Fretboard Harmony 3
By Peter Altmeier-Mort
For those readers who made an effort to analyze example 1 from the last Fretboard Harmony column, the answers are:
The second last chord, which has been left unnamed here, was one of several misprints in the last installment.This chord should have been F, B, D, making it an inverted diminished triad. The indicated chord of F, G, D, will in fact be covered in the material set out below. See if you can identify it at the conclusion of this issue’s lesson.
The Movement of Voices
As stated in the first article of this series, it is the way in which intervals “resolve” or move from one pair to another that affects the way chords and some of their individual voices move one to another. This is one reason why the subject of intervals is treated before chords when studying theory of music, yet it never seems to be made abundantly clear to students, especially those who may be preparing for theory exams. Beginners, and intermediate students, should get to know the following tables of intervals (done in the key of C major). The bracketed numbers underneath show the distance between each note of the interval in tones.
- Unison = the combined sound of two notes of the same pitch.
- Perfect = a term (based on mathematical ratios) applied to intervals of the octave, 5th and 4th.
- Octave = the interval between the 1st and 8th notes of a scale, or any two notes of the same letter name 6 tones apart (from the Latin “octo” = 8).
Taking this one step further, the above basic major intervals can be altered with the use of sharp and flat signs to produce finer gradations of intervals within this range.
- Augmented = enlarged, made bigger – used on those major or perfect intervals that can be made larger by one semitone (sharpening the upper note).
- Diminished = reduced, made smaller – used most commonly on the perfect 5th and 4th intervals to make them smaller by one semitone (flattening the upper note).
As will be seen in the near future, it is from this spectrum of intervals we form the more complex chords like 6th and 7th chords (9th and 13th chords too) augmented, diminished and flattened 5th chords etc.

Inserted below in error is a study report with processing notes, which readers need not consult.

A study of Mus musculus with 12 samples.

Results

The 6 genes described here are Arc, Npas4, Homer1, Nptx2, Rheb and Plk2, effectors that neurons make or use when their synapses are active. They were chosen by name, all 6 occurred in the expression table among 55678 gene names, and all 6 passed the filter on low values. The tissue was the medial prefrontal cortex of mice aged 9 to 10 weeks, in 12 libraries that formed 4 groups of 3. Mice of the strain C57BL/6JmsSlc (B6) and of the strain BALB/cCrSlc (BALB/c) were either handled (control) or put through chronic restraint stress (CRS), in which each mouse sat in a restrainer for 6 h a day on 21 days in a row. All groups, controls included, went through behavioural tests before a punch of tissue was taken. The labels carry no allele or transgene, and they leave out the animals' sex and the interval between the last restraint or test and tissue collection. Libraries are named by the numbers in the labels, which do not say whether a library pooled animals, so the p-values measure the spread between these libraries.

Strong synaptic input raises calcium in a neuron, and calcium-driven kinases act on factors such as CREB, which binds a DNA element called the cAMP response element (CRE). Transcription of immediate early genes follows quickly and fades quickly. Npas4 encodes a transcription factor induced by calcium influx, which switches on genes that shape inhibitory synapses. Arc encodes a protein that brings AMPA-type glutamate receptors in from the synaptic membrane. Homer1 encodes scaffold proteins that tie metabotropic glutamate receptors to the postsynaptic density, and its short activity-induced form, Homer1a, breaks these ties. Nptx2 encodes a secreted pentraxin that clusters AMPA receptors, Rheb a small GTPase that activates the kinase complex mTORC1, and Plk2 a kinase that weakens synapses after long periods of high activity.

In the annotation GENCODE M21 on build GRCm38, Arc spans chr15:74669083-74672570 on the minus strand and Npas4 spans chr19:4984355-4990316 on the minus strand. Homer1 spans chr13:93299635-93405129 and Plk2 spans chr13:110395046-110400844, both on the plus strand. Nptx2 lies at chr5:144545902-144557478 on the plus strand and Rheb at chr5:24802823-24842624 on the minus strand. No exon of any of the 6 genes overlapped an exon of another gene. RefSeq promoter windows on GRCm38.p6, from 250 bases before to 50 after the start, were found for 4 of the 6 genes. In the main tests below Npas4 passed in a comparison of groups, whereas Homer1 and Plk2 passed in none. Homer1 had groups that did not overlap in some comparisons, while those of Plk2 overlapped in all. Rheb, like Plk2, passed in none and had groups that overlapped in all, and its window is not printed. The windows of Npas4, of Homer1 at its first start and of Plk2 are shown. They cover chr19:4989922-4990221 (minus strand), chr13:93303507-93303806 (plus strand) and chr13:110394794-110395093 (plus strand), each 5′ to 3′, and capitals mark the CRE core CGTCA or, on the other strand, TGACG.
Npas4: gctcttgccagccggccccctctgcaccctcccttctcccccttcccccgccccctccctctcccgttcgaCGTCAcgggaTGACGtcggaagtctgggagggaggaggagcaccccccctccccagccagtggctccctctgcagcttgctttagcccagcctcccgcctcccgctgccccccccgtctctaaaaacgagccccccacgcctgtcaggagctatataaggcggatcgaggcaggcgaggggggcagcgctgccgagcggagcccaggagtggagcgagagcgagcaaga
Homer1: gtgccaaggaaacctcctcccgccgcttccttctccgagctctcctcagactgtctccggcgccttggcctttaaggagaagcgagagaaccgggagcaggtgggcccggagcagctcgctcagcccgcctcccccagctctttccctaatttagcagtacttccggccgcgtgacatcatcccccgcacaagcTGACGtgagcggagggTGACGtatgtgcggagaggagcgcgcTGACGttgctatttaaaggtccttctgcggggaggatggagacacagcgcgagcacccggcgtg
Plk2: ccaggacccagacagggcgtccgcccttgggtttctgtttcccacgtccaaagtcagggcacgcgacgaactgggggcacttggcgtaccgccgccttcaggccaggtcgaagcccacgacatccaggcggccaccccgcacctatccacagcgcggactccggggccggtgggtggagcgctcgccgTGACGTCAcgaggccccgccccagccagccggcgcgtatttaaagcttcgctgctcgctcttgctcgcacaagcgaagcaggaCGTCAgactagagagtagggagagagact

DISSONANCE in music means “unstable.” A dissonant interval (or chord) has a tendency to ‘resolve’ or move towards something more stable. This characteristic in harmony is often termed TENSION.
CONSONANCE in music can be defined as “stability.” Consonant intervals are pairs of notes which sound compatible or ‘agreeable’ together. This is termed FUSION.
The foundation of harmonic music is a continual interplay between fusion and tension, or consonance and dissonance. The categories of fusion and tension concerning intervals are:
1) Consonances – unisons, octaves, 5ths, 4ths, major and minor 3rds and 6ths.
2) Neutral – augmented 4ths or diminished 5ths.
3) Mild dissonances – minor 7ths and major 2nds.
4) Strong dissonances – major 7ths and minor 2nds.
The student should select the appropriate intervals from the above tables and play through these categories of fusion and tension on the guitar.
The first chord with an inherent tension or dissonance that students experience in their music is that of the Dominant 7th. This is the triad built on the 5th note of a scale with an interval of a 7th (above this root) added to it. In the key of C major the 5th (or dominant) note of the scale is a G. Counting on up through the scale from here, the 7th note above this G is an F. This is an interval of 5 tones and it is in fact a minor 7th – a mild dissonance. And so it is with all chords called ‘a 7th chord,’ the basic major triad has an interval of a minor 7th added to it.
Play this interval on the guitar, listen to it, and then add the notes of the basic triad built upon G.
This is the chord of G7, the dominant 7th chord of the key of C major. When writing the notes of this chord, the 5th note of the triad (a D here) is often omitted to make way for a 3 or 4 part writing of the chord with the extra note of the added 7th.
Because of the “tension” this minor 7th interval creates in the dominant 7th chord, it has to resolve or move to a more stable interval (or chord) after it has been heard (at least in traditional harmony this is the case). In the following chord progression the G7 chord moves onto the C chord. The upper note of the interval of the 7th in the first chord falls a semitone and this is the most common resolution for the dissonance or tension created by the 7th chord.
The G7 chord could also resolve to another chord from the key of C, an A minor chord for example. Again the dissonance of the 7th interval can be resolved by falling a semitone.
If G7 was to move to another chord from the key of C which itself contained an F note as the G7 chord does, no resolution by a semitone drop would be necessary. Notes which are common to any two connecting chords do not move, and this is known as a passive resolution of the dominant 7th chord.
With the following intervals and resolutions, fill in the missing voices of the chords involved and label each chord with its correct name. Remember to leave out the 5th of the dominant 7th’s basic triad. Also, the resolving 7th will not always appear as the upper most note of the chord. After writing in your answers, play them on the guitar to hear how they sound.